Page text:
Cushings Disease occurs when there is an over-active adrenal gland (known as Hyperadrenocorticism or HAC), which causes chronically increased cortisol to circulate in the blood. Cortisol affects nearly every cell in the body and is a natural blood steroid, responsible for the presence of glucose in the bloodstream. More directly, cortisol creates a balance of glucose in the bloodstream by breaking down muscle (catabolism) and fat (lipoysis) tissue. Insulin’s job is to bring glucose into hungry cells and cortisol pulls glucose out.
Cushing’s disease and Hyperadrenocorticism have 3 types:
- Pituitary-dependent, which results from a benign or malignant tumor in the brain and is responsible for 80- 90% of cases of Cushings Disease in dogs.
- Adrenal-dependent, caused by a cortisol-secreting tumor involving adrenal glands near kidney, responsible 15- 20% of Cushings Disease diagnoses.
- Latrogenic hyperadrenocorticism is the result of long term veterinary steroid treatment for problems like skin allergies and causes adrenal gland atrophy.
The classic signs of Cushings, known as the 5 P’s, are:
Polyuria (increased urination)
Polydipsia (increased drinking)
Polyphagia (increased appetite)
Other signs include bilateral weakness, symmetrical hair loss, thin skin and increased blood pressure.
Poor quality, highly processed commercial diets can also play a role in the onset of Canine Cushing’s disease. By metabolizing inferior, heat-processed ingredients, GI tract upsets and other inflammatory conditions such as colitis and skin problems, can occur. The treatment of these inflammatory conditions by conventional veterinarians often involves high-dose steroid treatments (cortisone injections, prednisone, and other derivatives of steroids) all of which are a contributing factor in one of the three types of Cushing’s disease.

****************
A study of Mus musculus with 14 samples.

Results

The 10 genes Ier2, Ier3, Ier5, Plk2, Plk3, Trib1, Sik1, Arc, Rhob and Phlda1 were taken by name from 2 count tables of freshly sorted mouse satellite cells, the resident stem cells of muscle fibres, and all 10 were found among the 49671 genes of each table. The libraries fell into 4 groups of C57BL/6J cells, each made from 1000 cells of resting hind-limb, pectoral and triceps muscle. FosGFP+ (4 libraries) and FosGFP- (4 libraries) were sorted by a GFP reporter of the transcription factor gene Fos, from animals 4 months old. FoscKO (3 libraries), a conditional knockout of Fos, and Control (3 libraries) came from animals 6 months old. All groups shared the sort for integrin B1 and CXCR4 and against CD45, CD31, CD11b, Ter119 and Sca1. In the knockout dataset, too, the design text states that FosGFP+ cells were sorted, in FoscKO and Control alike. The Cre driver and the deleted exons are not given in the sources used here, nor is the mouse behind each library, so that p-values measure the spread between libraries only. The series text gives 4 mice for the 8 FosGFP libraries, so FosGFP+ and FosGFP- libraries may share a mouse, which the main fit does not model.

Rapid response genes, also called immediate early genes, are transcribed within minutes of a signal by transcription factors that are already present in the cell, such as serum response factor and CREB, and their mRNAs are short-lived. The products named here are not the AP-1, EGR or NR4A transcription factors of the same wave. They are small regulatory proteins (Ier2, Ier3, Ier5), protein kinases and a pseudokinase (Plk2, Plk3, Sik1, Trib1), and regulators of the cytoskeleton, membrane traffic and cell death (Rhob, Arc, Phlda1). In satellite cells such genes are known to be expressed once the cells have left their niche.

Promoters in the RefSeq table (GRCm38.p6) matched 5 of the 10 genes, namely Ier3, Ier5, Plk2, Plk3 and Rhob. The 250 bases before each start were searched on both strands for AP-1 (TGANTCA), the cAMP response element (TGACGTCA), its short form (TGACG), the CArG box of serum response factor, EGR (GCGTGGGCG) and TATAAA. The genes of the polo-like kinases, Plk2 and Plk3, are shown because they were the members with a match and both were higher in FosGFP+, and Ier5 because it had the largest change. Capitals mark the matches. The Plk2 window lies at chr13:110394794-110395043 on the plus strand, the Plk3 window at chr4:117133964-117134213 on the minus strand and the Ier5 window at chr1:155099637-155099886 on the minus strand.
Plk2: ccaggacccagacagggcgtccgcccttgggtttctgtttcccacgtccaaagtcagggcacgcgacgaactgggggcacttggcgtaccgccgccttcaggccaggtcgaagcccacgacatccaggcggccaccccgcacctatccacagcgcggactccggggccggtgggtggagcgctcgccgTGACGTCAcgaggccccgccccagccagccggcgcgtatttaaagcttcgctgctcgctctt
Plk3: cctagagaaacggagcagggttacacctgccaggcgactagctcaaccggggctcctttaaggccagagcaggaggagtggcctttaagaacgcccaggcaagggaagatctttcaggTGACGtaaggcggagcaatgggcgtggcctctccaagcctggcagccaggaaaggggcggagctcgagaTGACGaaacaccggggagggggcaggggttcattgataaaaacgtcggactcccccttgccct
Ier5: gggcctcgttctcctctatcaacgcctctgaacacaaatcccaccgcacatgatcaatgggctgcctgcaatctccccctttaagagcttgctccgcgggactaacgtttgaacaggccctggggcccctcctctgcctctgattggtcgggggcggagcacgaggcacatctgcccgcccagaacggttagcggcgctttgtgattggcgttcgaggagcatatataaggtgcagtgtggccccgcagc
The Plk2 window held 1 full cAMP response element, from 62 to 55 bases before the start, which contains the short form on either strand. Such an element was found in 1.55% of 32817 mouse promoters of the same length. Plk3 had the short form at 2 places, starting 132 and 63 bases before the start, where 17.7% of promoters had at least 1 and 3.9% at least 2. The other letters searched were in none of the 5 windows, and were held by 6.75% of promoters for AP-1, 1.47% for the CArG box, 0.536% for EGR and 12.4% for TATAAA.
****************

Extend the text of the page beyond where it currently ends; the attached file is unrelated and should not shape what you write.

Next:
For dogs with Cushing’s disease, symptoms vary extensively. Some dogs start with just one symptom and end up with to multiple clinical signs as the disease progresses. The symptoms include muscle weakness, or wasting (created by the over production of cortisol breaking down muscles), ravenous appetite, pot belly (large swollen belly), erratic blood glucose levels, depressed immune system (resulting in increase risk of infections), excessive urination and drinking (resulting in imbalances flushing of minerals), heat intolerance, skin sores and arthritis (from improper use of calcium), liver disease, mood changes, abnormal sleep patterns, hair thinning (balding), as you can see quite an array of disturbances to a dog’s whole body. Pets with Cushings disease are more likely to form clots in their blood, which can lodge in the lungs, and be potentially fatal.
Diagnosis of Cushings is made via a general health exam and profile, complete blood count, urinalysis and other specific tests if the signs point to Cushings.
Conventional treatment for Cushings disease involves medication with drugs that suppress adrenal function.
A Holistic approach includes a healthy, natural diet, along with Traditional Chinese Medicine such as an herb called Si Miao San as well as the herb Ginkgo, which helps to lower cortisol secretion.
In general, the outlook for a pet with Cushings disease is good, there are several conventional and complementary treatment approaches available and most pets who have the disease are able to lead normal lives while receiving treatment.
The book “Dogs, Diet, and Disease” by Caroline Levin has been a great guide for this information and we would recommend for anyone with a dog with Cushing’s or other metabolism disease.